You’re waking up in the middle of the night dripping with sweat.
You’re wearing singlets, in winter while everyone else has jumpers on, and you’re irritable. Really irritable. It could be a passing phase, just something brought on by a winter’s cold and a few late nights. But if it persists, maybe it’s a sign you’re heading toward “the change”.
Perimenopause is the lead-up to menopause. It’s the time when your body is preparing to stop ovulating. Some women barely notice perimenopause, while for others, it seems to have no end. But, while the signs and symptoms are not always pleasant, they can be managed if they’re recognised.
But, I’m too young…
Not necessarily. Perimenopause can last for a year or two, or it can last for ten years. Both extremes and everything in between is normal. So, although the average age of menopause is 51, it’s not unusual for women in their 40s, and even their mid-30s to start experiencing perimenopause symptoms.
Perimenopause or menopause?
Perimenopause means near menopause. It’s the time when you’re likely to say you’re “menopausal”. During perimenopause, your body begins to produce less of the hormones oestrogen, progesterone, and testosterone, and this is what causes your symptoms.
Eventually, you’ll stop producing an egg every month, and your periods will stop. When you’ve been free of periods for 12 months, you’ve hit menopause.
What are the signs?
There are up to 35 symptoms of perimenopause, so it’s not surprising that women sometimes miss the signs. A few of the most common are:
1. Changes in your periods
Your periods may get longer or shorter, you might bleed more or less, and they might come more or less frequently. If that’s not confusing enough, your periods might also vary from one month to the next. A change of any sort in the usual pattern of your periods is often the first sign of perimenopause.
2. Feeling emotional
We all recognise the stereotypical menopausal woman, crying one minute and throwing plates the next. Being cranky, moody, irritable, and irrational is a sign of perimenopause and is caused by a hormonal imbalance. This hormonal imbalance occurs because your ovaries start to produce fewer hormones, and it takes a little while for your body to respond. Meanwhile, you’re left an emotional mess.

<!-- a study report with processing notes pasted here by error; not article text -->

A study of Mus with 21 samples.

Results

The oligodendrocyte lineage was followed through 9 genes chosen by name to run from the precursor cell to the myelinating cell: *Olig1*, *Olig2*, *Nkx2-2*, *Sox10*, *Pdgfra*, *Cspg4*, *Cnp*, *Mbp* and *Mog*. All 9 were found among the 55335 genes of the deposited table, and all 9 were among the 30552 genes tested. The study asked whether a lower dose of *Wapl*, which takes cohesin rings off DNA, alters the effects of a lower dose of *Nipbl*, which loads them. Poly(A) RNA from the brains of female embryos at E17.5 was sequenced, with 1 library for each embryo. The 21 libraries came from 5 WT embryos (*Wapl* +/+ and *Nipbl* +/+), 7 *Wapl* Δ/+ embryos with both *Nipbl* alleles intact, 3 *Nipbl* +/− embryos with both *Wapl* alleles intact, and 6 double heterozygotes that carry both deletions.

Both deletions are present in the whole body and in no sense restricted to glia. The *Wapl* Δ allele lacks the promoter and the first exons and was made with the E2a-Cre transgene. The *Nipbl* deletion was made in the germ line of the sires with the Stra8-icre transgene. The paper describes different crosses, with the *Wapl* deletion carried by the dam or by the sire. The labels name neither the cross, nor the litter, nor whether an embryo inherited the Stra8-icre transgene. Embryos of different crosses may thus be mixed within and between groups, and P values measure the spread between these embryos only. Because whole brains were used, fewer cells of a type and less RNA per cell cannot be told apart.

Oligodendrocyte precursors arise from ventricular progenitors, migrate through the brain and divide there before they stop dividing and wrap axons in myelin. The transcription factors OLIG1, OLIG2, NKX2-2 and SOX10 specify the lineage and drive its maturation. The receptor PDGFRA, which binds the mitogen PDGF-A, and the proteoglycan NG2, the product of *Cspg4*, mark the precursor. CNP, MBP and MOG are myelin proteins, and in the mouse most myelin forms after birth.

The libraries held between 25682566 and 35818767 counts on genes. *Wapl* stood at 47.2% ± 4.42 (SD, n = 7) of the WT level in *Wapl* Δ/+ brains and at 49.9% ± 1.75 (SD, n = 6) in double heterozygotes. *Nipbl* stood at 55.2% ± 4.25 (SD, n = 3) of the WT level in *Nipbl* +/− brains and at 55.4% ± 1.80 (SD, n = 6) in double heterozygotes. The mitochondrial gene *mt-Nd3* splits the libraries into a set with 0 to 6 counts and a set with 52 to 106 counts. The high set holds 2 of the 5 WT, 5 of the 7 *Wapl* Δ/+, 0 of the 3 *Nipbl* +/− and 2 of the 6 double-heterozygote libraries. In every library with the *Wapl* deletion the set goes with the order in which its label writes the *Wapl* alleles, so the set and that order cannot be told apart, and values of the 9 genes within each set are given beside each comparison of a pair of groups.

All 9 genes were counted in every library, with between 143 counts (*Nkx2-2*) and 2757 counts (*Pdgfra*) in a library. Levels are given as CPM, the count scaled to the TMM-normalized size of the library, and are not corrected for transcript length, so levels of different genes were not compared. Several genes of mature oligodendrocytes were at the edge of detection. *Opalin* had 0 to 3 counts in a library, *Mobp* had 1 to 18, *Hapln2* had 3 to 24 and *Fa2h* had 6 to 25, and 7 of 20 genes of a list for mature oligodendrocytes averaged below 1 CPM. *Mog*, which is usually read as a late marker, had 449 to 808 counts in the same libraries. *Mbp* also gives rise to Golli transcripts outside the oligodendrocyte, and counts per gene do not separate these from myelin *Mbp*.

3. Sleep problems
Waking up throughout the night, tossing and turning, and insomnia are all signs of perimenopause.
4. Hot flashes
You feel your body temperature suddenly start to rise, your cheeks are flushed, you’re stripping off your coat and looking for a fan. You might start to sweat and then, as you cool down you find yourself shivering. A hot flash is your body’s response to a drop in the hormone oestrogen.
5. Losing interest in sex
Loss of libido is a common symptom of perimenopause, and can result from many things including hormonal changes, sleep disruption and moodiness.
6. Vaginal dryness
Giving a whole new meaning to the Kings of Leon song “Your sex is on fire”. Vaginal dryness can cause itchiness, burning, stinging and be downright uncomfortable.
7. Weight gain
Hormonal fluctuations, loss of muscle density (which is normal as we age), and a slowing metabolism can combine to tip the scales in the wrong direction.
The Upside of Perimenopause
For a woman, there’s a lot going on during perimenopause and menopause. You might be suffering symptoms like hot flushes, which make you sweat profusely, you might feel your emotions are out of control, or you might find your jeans are a little tight around your waist. When you look in the mirror, you might no longer see the young, vibrant woman you once were. You might mourn the end of your fertility.
But, there is an undeniable upside. No more periods. Ever.
That means no more tampons, no more period pain, no more bloody mess. You’re free to have sex, go swimming, and stick your bum high up in the air in downward dog.
Not to mention, there’s also no chance you’ll fall pregnant. You will never need to worry about contraception again.
Managing the symptoms
There’s no one size fits all solution to coping with the more unpleasant side effects of perimenopause because every woman experiences it differently.
For some, a healthy diet and exercise are enough to manage their symptoms. But, for others, their symptoms make life unbearable. If this is you, consider making a trip to your doctor.
Your doctor can discuss ways to manage individual symptoms, or if your symptoms are particularly bad, can let you know about the risks and benefits of Hormone Replacement Therapy (HRT).
No matter what your symptoms are, it’s important to remember that perimenopause is a natural, and normal transition for a woman. It’s not something that is in your control.